Brexit: MPs hold government in contempt over legal advice

Shadow Brexit Secretary Sir Keir Starmer speaks following a vote to hold the government in contempt of parliament
Shadow Brexit Secretary Sir Keir Starmer speaks following a vote to hold the government in contempt of parliament

The government has bowed to demands to publish the "final and full" legal advice on her Brexit deal after suffering a humiliating Commons defeat.

A motion tabled by Labour, the SNP, other opposition parties and the DUP which argued ministers were in contempt due to their failure to fully publish advice given to Cabinet by Attorney General Geoffrey Cox was approved by 311 votes to 293, for a majority 18.

It also ordered the "immediate publication" of the legal advice.


He said: "Today's finding of contempt is a badge of shame for this Government. It is of huge constitutional and political significance.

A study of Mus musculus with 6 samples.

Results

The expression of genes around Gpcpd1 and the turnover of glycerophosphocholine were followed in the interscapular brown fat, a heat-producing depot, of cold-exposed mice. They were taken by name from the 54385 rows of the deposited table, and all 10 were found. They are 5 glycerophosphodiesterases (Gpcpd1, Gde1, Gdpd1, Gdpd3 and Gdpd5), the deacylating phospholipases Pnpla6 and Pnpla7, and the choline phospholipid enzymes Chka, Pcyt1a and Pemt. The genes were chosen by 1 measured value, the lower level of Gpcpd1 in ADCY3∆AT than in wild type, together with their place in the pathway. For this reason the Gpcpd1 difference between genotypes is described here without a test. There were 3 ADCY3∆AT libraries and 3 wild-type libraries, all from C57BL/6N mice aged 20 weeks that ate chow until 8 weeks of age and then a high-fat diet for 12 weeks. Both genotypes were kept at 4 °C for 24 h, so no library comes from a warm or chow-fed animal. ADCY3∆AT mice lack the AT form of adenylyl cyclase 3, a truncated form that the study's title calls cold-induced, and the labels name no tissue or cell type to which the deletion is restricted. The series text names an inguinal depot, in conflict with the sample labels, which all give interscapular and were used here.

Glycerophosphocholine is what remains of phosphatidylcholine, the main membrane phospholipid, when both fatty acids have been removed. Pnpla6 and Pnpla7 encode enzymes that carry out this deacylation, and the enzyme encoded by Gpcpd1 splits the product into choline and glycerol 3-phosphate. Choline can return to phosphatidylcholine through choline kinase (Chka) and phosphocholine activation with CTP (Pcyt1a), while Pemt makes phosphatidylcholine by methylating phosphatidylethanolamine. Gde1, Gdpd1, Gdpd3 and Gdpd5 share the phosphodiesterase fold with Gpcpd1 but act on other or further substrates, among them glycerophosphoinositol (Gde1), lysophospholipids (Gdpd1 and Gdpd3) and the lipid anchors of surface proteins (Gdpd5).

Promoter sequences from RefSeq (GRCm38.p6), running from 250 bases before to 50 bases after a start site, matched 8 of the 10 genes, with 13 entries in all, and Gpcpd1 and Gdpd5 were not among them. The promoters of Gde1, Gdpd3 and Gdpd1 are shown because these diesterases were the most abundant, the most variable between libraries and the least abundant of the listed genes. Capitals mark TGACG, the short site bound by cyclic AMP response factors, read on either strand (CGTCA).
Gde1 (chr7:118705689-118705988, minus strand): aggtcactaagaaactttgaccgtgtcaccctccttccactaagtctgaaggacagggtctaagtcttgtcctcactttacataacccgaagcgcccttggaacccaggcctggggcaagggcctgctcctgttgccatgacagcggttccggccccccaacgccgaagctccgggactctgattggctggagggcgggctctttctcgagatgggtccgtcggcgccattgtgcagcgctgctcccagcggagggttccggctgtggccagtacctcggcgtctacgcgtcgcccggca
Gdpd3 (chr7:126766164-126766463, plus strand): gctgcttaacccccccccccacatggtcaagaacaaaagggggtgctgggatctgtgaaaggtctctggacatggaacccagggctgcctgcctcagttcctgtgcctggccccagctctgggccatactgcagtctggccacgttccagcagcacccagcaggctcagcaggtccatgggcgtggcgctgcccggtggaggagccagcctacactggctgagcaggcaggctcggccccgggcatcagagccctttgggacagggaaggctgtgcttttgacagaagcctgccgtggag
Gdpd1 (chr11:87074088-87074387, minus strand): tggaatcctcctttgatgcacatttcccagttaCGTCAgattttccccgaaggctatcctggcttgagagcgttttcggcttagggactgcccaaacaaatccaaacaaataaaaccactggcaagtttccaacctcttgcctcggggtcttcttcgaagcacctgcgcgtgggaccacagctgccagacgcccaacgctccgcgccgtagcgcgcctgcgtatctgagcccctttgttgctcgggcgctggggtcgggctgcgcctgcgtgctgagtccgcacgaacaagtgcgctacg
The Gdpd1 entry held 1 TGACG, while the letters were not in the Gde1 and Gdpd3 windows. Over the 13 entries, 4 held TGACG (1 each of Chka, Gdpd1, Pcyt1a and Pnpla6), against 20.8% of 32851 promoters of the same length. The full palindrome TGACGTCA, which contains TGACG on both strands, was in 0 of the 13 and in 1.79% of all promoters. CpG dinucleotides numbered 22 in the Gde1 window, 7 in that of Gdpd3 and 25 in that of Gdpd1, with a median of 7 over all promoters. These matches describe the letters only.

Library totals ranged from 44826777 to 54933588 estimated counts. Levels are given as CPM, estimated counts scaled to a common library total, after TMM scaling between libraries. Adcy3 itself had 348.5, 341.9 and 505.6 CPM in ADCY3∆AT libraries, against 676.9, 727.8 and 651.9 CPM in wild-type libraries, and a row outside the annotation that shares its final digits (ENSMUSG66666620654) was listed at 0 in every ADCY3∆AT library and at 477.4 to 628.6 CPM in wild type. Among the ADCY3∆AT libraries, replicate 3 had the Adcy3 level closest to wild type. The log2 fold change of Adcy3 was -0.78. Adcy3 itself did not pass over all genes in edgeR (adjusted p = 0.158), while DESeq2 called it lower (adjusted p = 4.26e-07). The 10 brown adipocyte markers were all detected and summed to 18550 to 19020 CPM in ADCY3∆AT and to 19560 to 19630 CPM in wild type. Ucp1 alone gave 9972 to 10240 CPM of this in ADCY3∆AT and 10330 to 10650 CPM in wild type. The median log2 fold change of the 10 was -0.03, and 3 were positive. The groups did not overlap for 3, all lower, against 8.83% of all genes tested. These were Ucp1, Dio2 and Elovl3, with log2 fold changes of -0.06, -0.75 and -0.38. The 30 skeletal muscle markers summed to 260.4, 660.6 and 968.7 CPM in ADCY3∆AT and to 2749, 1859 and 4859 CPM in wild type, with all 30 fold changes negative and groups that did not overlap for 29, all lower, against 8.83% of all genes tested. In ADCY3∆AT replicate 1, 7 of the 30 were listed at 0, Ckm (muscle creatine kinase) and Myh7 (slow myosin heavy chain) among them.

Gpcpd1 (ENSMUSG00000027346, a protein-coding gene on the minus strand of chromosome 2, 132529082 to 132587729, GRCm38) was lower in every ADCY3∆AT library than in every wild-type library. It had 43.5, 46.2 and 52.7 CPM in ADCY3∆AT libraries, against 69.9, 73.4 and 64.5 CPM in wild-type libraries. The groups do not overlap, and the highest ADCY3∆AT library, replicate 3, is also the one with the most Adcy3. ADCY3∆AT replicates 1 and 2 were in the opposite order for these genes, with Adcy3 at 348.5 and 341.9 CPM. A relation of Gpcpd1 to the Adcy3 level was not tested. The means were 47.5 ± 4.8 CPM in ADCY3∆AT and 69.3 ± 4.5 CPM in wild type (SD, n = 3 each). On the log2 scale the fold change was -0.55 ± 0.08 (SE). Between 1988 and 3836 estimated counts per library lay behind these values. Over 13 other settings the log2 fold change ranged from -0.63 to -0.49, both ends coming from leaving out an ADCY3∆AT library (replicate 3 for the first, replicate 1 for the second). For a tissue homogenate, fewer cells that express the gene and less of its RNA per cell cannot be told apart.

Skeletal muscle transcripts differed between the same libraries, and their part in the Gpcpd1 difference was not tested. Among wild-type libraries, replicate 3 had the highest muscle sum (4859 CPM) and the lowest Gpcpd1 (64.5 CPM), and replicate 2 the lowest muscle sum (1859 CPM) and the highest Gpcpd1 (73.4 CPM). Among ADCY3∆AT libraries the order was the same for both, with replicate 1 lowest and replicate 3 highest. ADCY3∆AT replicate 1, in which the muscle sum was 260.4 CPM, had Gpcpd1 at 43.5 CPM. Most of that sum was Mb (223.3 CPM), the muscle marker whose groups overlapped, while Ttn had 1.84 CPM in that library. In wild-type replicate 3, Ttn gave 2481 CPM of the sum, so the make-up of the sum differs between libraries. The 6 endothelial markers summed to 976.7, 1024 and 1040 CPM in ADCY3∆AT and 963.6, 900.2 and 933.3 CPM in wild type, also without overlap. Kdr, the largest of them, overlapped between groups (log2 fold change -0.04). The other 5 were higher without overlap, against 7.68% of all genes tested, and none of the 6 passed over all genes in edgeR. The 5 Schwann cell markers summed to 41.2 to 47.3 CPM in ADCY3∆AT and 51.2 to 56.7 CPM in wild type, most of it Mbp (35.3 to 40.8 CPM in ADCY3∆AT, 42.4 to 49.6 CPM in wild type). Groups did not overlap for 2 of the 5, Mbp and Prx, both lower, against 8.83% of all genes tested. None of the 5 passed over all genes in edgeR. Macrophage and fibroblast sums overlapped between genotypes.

"Never before has the House of Commons found ministers in contempt of Parliament. It is highly regrettable that the Government has let it come to this, but ministers left the opposition with no option but to bring forward these proceedings.

"By treating Parliament with contempt, the Government has proved it has lost its majority and the respect of the House. The Prime Minister can't keep pushing Parliament away or avoiding responsible scrutiny."

Commons Leader Andrea Leadsom said: "We've tested the opinion of the House twice on this very serious subject.

"We've listened carefully and in light of the expressed will of the House we will publish the final and full advice provided by the Attorney General to Cabinet but recognising the very serious constitutional issues this raises I have referred the matter to the privileges committee to consider the implications of the humble address."


This amendment asked for the Committee of Privileges to question whether ministers were in contempt of Parliament over the issue and could have delayed any publication of the advice.